Saturday, May 22, 2021

Does Paper Gold hedge against stock market corrections?

Gold is an unprintable zero-yield currency.  So it should do well when real interest rates fall, or when they are expected to fall.  Like in a stock market correction.  Lets check the behaviour of GLD in past corrections.

Since GLD's history only goes back to 2004, we start in 2008.  The chart below covers the the 17-month bear market from Oct 2008 to Mar 2009.  S&P 500 (the purple line) was down 55%, while GLD (the candlesticks) was up 40%.

It wasn't smooth. GLD had a vicious 7-month 1/3rd drawdown, followed by a swift 4-month 50% recovery, bringing it back to where it started the drawdown. 

Why did it fall?  Interest rates were falling throughout this period, but there was a pause from May to Sept 08, corresponding to GLD's fall:

Source: MacroTrends Federal Funds Rate - 62 year historical chart

Flat rates would have stopped gold rising, but why did it fall?  Probably due to the panic, with funds needing to liquidate anything they could.  No one knows, but the important thing is that it did.  How would you buy-and-hold or trade through this?

Next we have a series of smaller corrections.

  • A brief two-month 16% S&P 500 correction from May-June in 2010, shown by the dotted rectangle below.  GLD up ~3%.  Its too short a time for the chart to mean anything.  And this was within a wider multi-year gold bull market.
  • A more substantial 5-month 19% S&P 500 correction from May-Sept in 2011.  GLD was up 4%.  We can see GLD's big spike as the stock market corrects, but GLD's final red candle has it falling 9% in a week.  Excluding this fall, GLD was up 13%. 
  • Again, we can see how hard it is to trade or buy-and-hold.
  • After the above spike, gold entered a 7 year bear market.  We only get one stock market correction in this time, 3-month correction from Nov 2015 to Jan 2016.  GLD exploded when the market dived:
  • The 3 month 2018 bear market from Sept to Dec 2018.  GLD was up 3-4%, and a lot less volatile than the S&P 500 which was down 20%:

  • With hindsight, the above was the beginning of a new bull market in gold.  Which we may still be in now.
  • GLD fell with everything else in the 2020 crash.  It was down 7% vs the S&P's 33%.   With a maximum drawdown of 8%, it held up ok.


On average, GLD has risen during small corrections.  But not during large bear markets or liquidity crises.

I'm expecting a short correction in the second half of this year.  Like 2018 or 2015-16.  I'm thinking of going long gold.  The odds are on your side if you buy gold before a (brief) downturn.  But the charts above give some idea of the risks involved.  2015-2016 in particular shows how dangerous it can be to be early.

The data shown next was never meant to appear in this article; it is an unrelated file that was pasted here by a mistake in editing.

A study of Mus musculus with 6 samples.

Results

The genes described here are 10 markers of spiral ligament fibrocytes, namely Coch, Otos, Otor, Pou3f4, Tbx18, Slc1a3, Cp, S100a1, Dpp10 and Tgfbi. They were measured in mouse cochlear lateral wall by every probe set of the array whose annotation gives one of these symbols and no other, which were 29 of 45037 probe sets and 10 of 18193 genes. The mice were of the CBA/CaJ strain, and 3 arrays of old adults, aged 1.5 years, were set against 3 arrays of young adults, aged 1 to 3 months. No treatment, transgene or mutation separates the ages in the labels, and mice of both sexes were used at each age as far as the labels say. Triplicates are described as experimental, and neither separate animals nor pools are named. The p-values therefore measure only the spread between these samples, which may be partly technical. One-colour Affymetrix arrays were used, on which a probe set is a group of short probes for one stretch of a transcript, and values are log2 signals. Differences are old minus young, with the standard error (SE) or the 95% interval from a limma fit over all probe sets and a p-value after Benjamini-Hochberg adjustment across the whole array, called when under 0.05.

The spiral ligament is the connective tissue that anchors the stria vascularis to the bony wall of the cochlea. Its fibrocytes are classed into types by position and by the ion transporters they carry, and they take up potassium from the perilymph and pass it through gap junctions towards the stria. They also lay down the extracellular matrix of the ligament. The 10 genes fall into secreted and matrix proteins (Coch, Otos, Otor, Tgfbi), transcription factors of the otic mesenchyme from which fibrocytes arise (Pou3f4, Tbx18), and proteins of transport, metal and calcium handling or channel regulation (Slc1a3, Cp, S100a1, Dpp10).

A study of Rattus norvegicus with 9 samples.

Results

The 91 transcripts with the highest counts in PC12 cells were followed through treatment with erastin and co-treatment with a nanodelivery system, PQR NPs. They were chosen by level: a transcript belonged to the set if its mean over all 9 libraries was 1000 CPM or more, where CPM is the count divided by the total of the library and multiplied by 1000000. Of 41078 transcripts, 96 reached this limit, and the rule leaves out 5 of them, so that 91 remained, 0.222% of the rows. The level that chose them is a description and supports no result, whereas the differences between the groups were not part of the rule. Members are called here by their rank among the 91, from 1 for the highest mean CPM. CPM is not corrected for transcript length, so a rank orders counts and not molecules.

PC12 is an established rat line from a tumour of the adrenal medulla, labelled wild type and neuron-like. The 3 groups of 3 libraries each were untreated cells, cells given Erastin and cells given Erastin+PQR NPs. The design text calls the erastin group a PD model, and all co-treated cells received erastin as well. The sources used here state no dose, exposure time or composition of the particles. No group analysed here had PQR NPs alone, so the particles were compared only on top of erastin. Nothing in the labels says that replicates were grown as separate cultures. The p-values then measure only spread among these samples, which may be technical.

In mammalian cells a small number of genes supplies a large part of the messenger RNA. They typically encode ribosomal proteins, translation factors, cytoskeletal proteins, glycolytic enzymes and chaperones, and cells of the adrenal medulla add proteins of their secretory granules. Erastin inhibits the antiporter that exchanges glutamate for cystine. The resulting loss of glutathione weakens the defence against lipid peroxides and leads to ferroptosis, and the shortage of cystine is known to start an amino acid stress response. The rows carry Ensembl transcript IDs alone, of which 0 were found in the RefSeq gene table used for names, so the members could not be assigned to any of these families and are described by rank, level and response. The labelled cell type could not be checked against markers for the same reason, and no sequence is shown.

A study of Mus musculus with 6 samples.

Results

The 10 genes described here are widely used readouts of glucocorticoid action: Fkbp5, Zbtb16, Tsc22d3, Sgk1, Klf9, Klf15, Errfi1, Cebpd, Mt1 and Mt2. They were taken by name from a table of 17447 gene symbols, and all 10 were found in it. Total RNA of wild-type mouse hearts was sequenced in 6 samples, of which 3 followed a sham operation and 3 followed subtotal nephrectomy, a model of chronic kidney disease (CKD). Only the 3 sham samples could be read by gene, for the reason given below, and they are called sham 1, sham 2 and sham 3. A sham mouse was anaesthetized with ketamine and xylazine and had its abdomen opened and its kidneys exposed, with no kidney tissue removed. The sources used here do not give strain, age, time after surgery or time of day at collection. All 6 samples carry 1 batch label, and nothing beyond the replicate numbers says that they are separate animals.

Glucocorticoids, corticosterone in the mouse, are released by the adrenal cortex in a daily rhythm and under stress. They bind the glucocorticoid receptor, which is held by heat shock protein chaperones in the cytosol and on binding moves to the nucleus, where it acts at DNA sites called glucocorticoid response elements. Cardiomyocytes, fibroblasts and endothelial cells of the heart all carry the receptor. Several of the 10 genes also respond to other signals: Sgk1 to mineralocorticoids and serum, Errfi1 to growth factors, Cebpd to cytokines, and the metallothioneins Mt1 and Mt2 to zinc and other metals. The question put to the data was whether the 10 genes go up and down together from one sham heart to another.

Friday, May 21, 2021

Selling My Trading Account

I'm now selling my trading account which made up around 15% of my assets:

I'm selling now because:

  • Hedgeye sees quad 4 next quarter.
  • Money inflows from the Treasury General Account will stop.
  • The market is too frothy.  Every man and his dog is in.  Shitcoins are flying as crypto will "change to world".  Headlines proclaim "Copper is the new oil"...where were all these guys in 2020?

Think I've got another month to sell.  Then I look to buy gold to benefit from falling growth.  Don't know how long that trade would last.

Longer term, I think the correction will be short, like Dec 2018.  I want to be in the market again.  Still in commodities for higher inflation.  I'm looking for new targets, plus sticking with the old ones:

  • Copper again, for electrification.
  • Aluminium, copper's only substitute.  It also increases energy efficiency (lightweight).
  • Oil.  Rising energy prices are the definition of inflation.  
  • Fertiliser, rising crop prices mean more planting for next year's harvest.
  • Maybe palm oil, it takes 4 years for newly planted trees to bear fruit.
  • Battery metals are tough, they are prone to substitution.
  • Met Coal.  Probably US based, to support infrastructure spending and re-indistrialization there.  Australian listed coal producers have too much thermal exposure.
  • Maybe evil thermal coal?  Would favour Indonesian producers, as they have a strong domestic market (unlike the US or Oz) and are best placed to export to Asia & India.
  • Uranium is hard to place bets on.  The small caps are losing money, and Cameco is too tame.
  • Crypto.  I like ETH, but they are losing market share from high fees and a clogged network.
Basically anything that can't be grown too fast or printed.